The Photographer is (not) God

Style Bites

I've been doing a lot of meetings lately with new photographers so I wanted to take a moment out to discuss the relationship between the photographer and stylist. (Note to photographers who are reading this: please proceed with an open mind and, that said, I know that all of you do not fit these stereotypes.)

Okay, so first a question: If a photo shoot happens in the forest and there's no photographer there to see it, does it still happen?

Laugh if you want to but this gets at the core of what I'm going to say. In essence, a photographer's job is to capture moments. To document them. To have the skill and knowledge needed to present an image in such a way as to garner a given emotion.

This is an art indeed but the photographer is not God. The photographer does not create an image out of thin air. Elements are needed to build that image. This is especially true in fashion. At the very least, traditional fashion imagery relies on its models, hair and makeup artists and stylists to craft the basis of any shot. At the most, the photographer is like the carbon molecule, the backbone of all organic life but a big bucket of coal when no other molecules are present.

This is why I'm continuously baffled by photographers (especially inexperienced ones) who show little or no respect for their crew, who try to identify a "weak link" in the crew and then blame all the shoot's problems on that person. I've never worked a shoot where the photographer turns to the crew and says, "Sorry, I'm just not good enough to get this shot; it's beyond me."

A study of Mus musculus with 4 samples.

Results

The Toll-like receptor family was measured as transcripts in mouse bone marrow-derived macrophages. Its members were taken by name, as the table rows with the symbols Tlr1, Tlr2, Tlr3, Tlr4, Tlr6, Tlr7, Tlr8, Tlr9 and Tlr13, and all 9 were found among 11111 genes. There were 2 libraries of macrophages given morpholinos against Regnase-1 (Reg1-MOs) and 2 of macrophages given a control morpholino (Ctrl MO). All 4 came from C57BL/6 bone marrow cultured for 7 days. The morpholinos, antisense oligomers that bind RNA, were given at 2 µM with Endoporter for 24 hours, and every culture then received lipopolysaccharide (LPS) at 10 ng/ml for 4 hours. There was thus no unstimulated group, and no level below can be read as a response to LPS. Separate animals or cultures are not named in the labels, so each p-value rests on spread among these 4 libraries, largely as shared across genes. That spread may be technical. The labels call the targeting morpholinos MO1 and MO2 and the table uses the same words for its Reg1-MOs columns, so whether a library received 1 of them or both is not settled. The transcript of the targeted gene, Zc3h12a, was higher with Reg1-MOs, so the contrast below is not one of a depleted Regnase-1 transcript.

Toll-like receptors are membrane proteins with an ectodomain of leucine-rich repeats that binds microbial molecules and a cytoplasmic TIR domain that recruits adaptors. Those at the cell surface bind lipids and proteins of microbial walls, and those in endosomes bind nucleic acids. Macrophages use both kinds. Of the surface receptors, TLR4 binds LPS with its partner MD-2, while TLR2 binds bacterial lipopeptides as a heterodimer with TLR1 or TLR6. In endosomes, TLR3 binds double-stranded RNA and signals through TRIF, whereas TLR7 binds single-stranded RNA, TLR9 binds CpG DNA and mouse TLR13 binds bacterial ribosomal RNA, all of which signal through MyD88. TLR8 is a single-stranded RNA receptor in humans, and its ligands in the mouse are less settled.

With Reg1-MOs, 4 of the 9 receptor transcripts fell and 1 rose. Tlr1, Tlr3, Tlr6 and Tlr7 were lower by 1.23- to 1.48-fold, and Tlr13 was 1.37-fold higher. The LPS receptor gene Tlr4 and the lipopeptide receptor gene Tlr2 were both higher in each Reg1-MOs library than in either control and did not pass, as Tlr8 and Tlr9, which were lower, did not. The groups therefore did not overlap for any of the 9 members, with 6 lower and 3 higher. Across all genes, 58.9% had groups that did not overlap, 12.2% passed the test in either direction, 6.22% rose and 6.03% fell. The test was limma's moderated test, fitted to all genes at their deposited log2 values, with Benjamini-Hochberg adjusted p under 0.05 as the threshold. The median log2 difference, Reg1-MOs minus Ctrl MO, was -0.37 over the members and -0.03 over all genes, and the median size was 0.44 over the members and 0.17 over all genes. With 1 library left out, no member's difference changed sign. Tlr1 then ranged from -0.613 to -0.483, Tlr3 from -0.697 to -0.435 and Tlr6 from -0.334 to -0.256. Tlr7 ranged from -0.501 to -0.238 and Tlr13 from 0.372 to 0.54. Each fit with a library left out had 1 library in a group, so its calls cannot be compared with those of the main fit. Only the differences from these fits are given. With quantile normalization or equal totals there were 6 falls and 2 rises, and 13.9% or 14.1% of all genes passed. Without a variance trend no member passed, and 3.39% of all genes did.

Another pet peeve is the fake attitudes which are affected by social-climbing camera slingers. Guys who think that a photographer "should act like this" or "do those sorts of things" to gain more respect from clients. This type of guy will walk onto a set, cheek kiss the models, order hair and makeup to change something, tear through a rack of clothes and shout that it's "all wrong!" and storm off to sit with his coffee while his lackeys set up the lights. I've had the dis-pleasure of working with several who fit this mold.

What a stylist can do for a photographer:
  • provide a cohesive feel across a selection of photographs
  • watch the clothing--that it hangs correctly, etc.--so the photographer can concentrate on other details
  • offer insight into what is or is not fashionable so that the photos are not immediately dated
  • offer timeless style when a photo will need to appear current for many years
  • source clothing, new and used, for the purposes of the shoot
  • follow a style brief (if the job is commissioned)
What a stylist will not do:
  • borrow ready-to-wear or couture clothing just so someone can shoot "for fun" or for their portfolio (please don't lie to us and say it will appear in a magazine if you don't have confirmation of will get us in trouble with the designer showrooms)
  • bring you 20 clothing choices for one photo just because you were too "busy" to make clear what was needed before hand
  • wait more than one month for prints or a cd of images (in a test-for-prints arrangement)
  • sit for hours while the photographer fiddles with lights or locations (on free jobs)...this should all be worked out before the crew arrives, to show respect for their time
So get off your high horse, Mr. Camera Man. You need us just as much as we need you. If you treat us well then we'll do great work for you and in the end you'll look the better for it. If you screw us it will show.